Curlie appears to have inherited some of the worst traits of its predecessor, DMOZ.
DMOZ’s Sordid History
We reported on the closing of DMOZ and the preparations to relaunch the old directory under a new name, Curlie, last year.
Throughout its existence, DMOZ was secretive. Its editors and administration remained hidden behind aliases.
Though owned by some big name companies over time, including AOL, DMOZ always appeared to act independently.
In SEO (Search Engine Optimization) circles, a DMOZ listing was highly prized as a powerful signal and data source to major search engines.
DMOZ listings where ostensibly free.
However, due to the secretive and unaccountable DMOZ system and a huge backlog of applicants, many webmasters found the only way to get a listing was to bribe an editor.
That wasn’t the worst of the corruption. Some webmasters that had existing DMOZ listings claimed managing editors removed their sites when they refused to pay extortion fees to keep their site in. Others reported that editors with competing businesses would edit their competitions listings to make this less appealing.
Over time, DMOZ become increasingly irrelevant and outdated. Eventually AOL shut it down without comment.
Who Is Curlie?
Curlie.org is where an unknown number of former DMOZ administrators and editors landed after the old directory went defunct. Their clear goal is to reboot DMOZ under a new name.
Considering the charges of corruption that DMOZ faced, and the fact that Curlie is going to try to be a relevant directory in a search-engine world, one might think they would address these old issues with transparency and accountability.
But that’s not the case.
Browsing the new Curlie.org’s about page, there’s absolutely no information about who actually owns or maintains the directory and website. All we get is that it’s run by a “global community of volunteer editors.”
The ownership information on Curlie.org’s domain registration is hidden by a privacy service.
On their FAQ page is a question: “Who runs Curlie?”.
The answer: “… a self-regulating community of net-citizens.”
Well, that would be: “The Curlie Admins”.
There’s no contact page, nor contact information, on Curlie.org at all.
Just a statement that Curlie is “Incorporated in Texas”.
A public records search of Texas corporations finds a listing for The Curlie Project, Inc., with Robert R Broekhuis named as the registered agent. The mailing address for the corporation appears to be a residence.
Who is Robert R Broekhuis?
Unknown. An internet search turns up nothing definitive.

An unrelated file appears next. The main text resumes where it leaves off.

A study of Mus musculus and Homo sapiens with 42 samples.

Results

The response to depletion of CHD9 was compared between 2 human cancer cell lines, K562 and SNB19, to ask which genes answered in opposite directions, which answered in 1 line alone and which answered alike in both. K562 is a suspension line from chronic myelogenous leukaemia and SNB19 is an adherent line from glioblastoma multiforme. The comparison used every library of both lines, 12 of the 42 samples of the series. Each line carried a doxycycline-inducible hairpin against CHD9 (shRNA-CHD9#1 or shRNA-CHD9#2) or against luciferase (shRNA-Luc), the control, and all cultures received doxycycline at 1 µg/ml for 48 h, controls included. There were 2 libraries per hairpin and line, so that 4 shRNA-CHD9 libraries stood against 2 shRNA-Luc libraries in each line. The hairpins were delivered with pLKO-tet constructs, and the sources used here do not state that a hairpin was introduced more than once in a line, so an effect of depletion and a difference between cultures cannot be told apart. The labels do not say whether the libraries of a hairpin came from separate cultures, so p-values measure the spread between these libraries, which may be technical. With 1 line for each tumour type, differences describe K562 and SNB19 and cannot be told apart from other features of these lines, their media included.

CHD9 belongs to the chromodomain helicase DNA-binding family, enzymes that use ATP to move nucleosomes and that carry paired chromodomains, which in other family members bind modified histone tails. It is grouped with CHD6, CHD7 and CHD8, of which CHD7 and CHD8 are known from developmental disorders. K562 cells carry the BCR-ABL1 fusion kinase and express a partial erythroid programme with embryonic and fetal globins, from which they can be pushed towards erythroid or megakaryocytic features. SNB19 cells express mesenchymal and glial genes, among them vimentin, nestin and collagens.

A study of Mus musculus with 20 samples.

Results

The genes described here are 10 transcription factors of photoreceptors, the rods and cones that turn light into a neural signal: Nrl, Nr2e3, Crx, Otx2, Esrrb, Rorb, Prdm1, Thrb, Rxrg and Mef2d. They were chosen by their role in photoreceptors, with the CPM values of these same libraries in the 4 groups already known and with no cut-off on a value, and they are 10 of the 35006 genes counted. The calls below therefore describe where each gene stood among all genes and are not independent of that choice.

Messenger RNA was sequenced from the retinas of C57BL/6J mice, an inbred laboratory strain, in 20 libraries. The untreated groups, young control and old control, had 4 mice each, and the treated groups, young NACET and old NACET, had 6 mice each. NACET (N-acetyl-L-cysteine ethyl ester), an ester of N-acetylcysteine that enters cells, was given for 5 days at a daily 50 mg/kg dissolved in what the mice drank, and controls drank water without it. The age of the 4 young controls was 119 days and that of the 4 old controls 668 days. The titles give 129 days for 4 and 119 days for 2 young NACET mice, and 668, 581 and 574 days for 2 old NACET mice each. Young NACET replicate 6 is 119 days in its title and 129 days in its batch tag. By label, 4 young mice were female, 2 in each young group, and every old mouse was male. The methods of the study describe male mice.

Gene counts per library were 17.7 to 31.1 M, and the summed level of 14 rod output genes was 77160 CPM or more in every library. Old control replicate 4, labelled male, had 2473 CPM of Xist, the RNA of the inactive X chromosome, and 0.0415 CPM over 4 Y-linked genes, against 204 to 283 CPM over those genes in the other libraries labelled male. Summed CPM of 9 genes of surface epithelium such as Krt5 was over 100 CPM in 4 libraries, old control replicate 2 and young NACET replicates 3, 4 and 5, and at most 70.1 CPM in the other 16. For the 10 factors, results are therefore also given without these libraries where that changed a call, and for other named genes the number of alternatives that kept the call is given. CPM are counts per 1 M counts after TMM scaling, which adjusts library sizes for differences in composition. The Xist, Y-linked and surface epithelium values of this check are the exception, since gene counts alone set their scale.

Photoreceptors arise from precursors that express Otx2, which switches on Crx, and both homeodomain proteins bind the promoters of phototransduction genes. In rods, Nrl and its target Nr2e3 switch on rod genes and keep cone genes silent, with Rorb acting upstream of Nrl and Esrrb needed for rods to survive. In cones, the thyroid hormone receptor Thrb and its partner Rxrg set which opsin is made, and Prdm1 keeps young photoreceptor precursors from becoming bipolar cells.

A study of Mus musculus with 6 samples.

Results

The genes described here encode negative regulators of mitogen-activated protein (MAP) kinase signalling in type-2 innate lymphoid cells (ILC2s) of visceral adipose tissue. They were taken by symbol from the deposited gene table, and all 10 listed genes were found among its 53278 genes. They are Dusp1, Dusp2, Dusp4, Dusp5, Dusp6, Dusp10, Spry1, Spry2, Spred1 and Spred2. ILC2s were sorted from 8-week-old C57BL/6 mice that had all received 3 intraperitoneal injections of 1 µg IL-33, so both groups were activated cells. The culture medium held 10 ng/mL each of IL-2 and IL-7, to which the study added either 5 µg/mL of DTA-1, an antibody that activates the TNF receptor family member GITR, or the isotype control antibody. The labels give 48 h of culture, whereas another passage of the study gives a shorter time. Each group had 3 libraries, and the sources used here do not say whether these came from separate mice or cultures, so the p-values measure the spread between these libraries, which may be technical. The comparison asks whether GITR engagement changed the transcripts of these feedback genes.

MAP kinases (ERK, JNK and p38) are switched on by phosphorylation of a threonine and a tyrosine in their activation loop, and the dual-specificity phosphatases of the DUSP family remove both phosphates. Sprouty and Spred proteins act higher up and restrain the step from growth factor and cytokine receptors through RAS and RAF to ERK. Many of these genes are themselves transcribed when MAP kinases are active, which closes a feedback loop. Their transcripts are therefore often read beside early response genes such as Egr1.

Though apparently incorporated in Texas, on Curlie’s Terms of Service page, it says any claims or disputes will be resolved “by a court located in the Commonwealth of Virginia”.
Why would claims and disputes be resolved in Virginia when Curlie is incorporated in Texas?
Curlie’s Non-Profit Status?
An email sent two weeks ago from “[email protected]” to former DMOZ editors inviting them to come edit on Curlie, stated “…we have registered as a non-profit organization”.
Consumer Press emailed [email protected] and asked for more information about Curlie’s non-profit status, amongst other things. We’ve waited two weeks and there’s been no reply.
Our attempts to confirm Curlie’s non-profit status in Texas were inconclusive. Texas corporations can be non-profit without being tax-exempt. When that’s the case, they do not appear in a public records search for Texas non-profit tax-exempt organizations. So we drew a blank there.
A search for records of Curlie having a non-profit status in Virginia came up empty.
With absolutely no mention of their non-profit status on their website; no information publically listed in Texas nor Virginia; no sign of who is running the site; and no response to our emails… there’s no way to confirm their non-profit status.
Curlie’s Questionable Claims
In addition to Curlie’s lack of transparency, accountability issues, and lack of documentation related to their non-profit status, there are also questionable claims on their site.
In their FAQ, they reference “Google, Yahoo, and AOL” as some of their “data users”.
However Google, for one, stopped using DMOZ data after it closed down, and Curlie itself admits on that same FAQ page that “Curlie’s data (RDF) is currently unavailable due to technical issues.”
Based on our research, it appears that the RDF has never worked on Curlie.org. The link for information about the RDF on Curlie leads to a dead (403) page on DMOZ.org.
Of course, Curlie can legitimately claim to be a data provider for the above search engines. Search engines crawl just about every publically available site. What’s misleading is any suggestion that Curlie has any special ties to, or that their data is handled any differently, than any other data on the internet.
What’s Curlie’s Future?
It’s hard to say. Curlie has a big mountain to climb if it’s going to be relevant, and it will never hit that mark if the powers behind it remain unaccountable and dodgy.
Now it’s your turn to jump in and add your thoughts. Is there a future for Curlie, and if so, what is it?